By: William Holmes
ESPN 2 broadcast another special edition of their Friday Night Fights show on a Wednesday night. In the main event, former middleweight champion Jermain Taylor took on Australian Sam Soliman–who had a win over Felix Sturm nullfied due to PED use in 2013 and was given a nine-month suspension–for Soliman’s IBF Middleweight title.
Biloxi, Mississippi was the host city for tonight’s title fight, giving Taylor home field advantage.
The first bout of the night was between Nick Brinson (16-2-2) and Andre Dirrell (22-1) in the super middleweight division. Dirrell is a former Olympic bronze medalist and was a big favorite coming into this bout.
Dirrell had a noticeable height advantage on Nick Brinson and kept a good distance in the first round. Dirrell was landing straight left hands from the southpaw stance. He was landing the combinations he threw and showed he could handle Brinson’s power, remaining unfazed from a clean right hook.
Brinson’s punches were bouncing off the shoulders of Dirrell in the second round, and Dirrell was accurate, but neither fighter took any risks.
Dirrell switched back to an orthodox stance in the third round and was walking Brinson down. Both fighters opened up offensively in the second of half of the third round, but it was Brinson who landed the most memorable punch of the round with hard straight right hand.
It would be the last meaningful punch of the night from Brinson.
Dirrell ended the fight in the fourth round when Brinson rushed right into an open trap by Dirrell and was obliterated with a left hook to the chin. Brinson appeared out on his feet and was pummeled by a barrage of punches by the corner before the referee stopped the fight.
Andre Dirrell won by TKO at 2:12 of the fourth round.
The next bout of the night was between Ahmed Elbiali (7-1) and Dakota Dawson (3-0) in the light heavyweight division. It was revealed during the telecast that Dawson also works as a cook at an Ihop. Elbial, in contrast, has an impressive amateur background and won his last fight by knockout.
Elbiali sent the badly overmatched Dawson crashing to the mat within the first minute of the third round with a right cross to the chin. He sent him back down almost immediately with a left hook to the body. Dawson did not answer the count of ten.
Ahmed won by TKO at 1:10 of the first round.
The next bout of the night was a swing fight between Carlos Velasquez (17-1) and Jean Sotelo (24-12-13) in the junior lightweight division.
Sotelo looked like he did not belong in the ring with Velasquez and was badly outgunned. He took several combinations from Velasquez and resorted to holding on in the last half of the initial round.
Sotelo must have realized himself that he did not belong in the ring with Velasquez and went down to the mat writing in pain from a questionable low blow in round two.
In a bizarre scene, Sotelo then spent five long minutes laying on the mat, rolling around in agony, real or imagined, and refused to get back up.
After five minutes the fight was ruled a TKO at 1:32 of the second round. Since the low blow was ruled unintentional, and Sotelo was given five minutes to recover and did not want to continue fighting when the five minutes expired, the bout was ruled a TKO instead of a no contest.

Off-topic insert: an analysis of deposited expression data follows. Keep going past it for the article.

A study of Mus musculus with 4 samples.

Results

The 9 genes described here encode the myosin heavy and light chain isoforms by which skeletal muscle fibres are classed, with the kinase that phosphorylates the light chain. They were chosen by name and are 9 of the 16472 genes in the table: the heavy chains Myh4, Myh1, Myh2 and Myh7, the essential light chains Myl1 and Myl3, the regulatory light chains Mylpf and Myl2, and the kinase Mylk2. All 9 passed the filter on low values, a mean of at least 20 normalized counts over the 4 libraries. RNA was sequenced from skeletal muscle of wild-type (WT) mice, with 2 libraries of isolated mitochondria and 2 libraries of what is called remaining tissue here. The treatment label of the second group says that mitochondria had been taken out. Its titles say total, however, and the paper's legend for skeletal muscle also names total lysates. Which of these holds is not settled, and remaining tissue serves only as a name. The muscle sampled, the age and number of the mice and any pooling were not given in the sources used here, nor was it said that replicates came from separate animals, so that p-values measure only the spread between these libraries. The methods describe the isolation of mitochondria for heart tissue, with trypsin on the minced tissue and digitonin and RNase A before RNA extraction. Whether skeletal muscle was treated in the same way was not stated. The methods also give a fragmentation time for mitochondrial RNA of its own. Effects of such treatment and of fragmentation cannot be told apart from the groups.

The main event of the night was between Jermain Taylor (32-4-1) and Sam Soliman (44-11) for the IBF Middleweight Title.
Soliman showed good upper body movement in the first round, but was not active offensively. Taylor was active in the first, but was short with his punches. It was a feeling-out round, but the action began to pick up a little bit in the second stanza.
Soliman’s awkwardness was giving Taylor trouble in the second round, as Soliman would land a jab or two and hold on. Taylor was looking to land his overhand right and was rushing forward with his combinations, but he was rushing too far in and often wound up in a clinch.
The third round clearly belonged to Soliman, as he was able to land his jabs and right hooks upstairs while Taylor appeared to be slowing down.
Taylor came out aggressive in the fourth round, but he still had trouble finding his range with his punches.
Taylor’s trunks were visibly sagging below his body guard at the start of the fifth round, and remained that way for the rest of the fight. Taylor was beginning to find his range in the fifth, as his jabs and right crosses were landing more regularly. The sixth round clearly belonged to
Taylor, who had Soliman stumbling off balance from his right hands.
Soliman tasted the mat in the seventh round from a stiff jab by Jermain Taylor with his knee visibly bothering him. If Soliman’s knee wasn’t injured, he probably wouldn’t have gone down, but it was still correctly ruled a knockdown.
Soliman’s smile was erased from his face in the eighth round, but he was visibly hobbled and suffered another knockdown from a short right hand. He would taste the mat once again in the eighth, but it was ruled a slip, though arguably could have been another knockdown.
Soliman’s knee would only further hinder him in the ninth round, when he fell to the mat awkwardly after Taylor hit him with a right cross. The ringside doctor checked Soliman in the middle of the round and allowed him to continue, but the fight could have been stopped for good reason.
Soliman’s corner kept on sending Soliman out for one more round, allowing him to continue fighting. The fight was ugly in the championship rounds as an injured Soliman fought valiantly, but struggled mightily to stay on his feet.
Taylor scored another knockdown in the eleventh round and coasted through the final round.
The final scores were 116-111, 115-109, and 116-109 for the new IBF Middleweight Champion Jermain Taylor.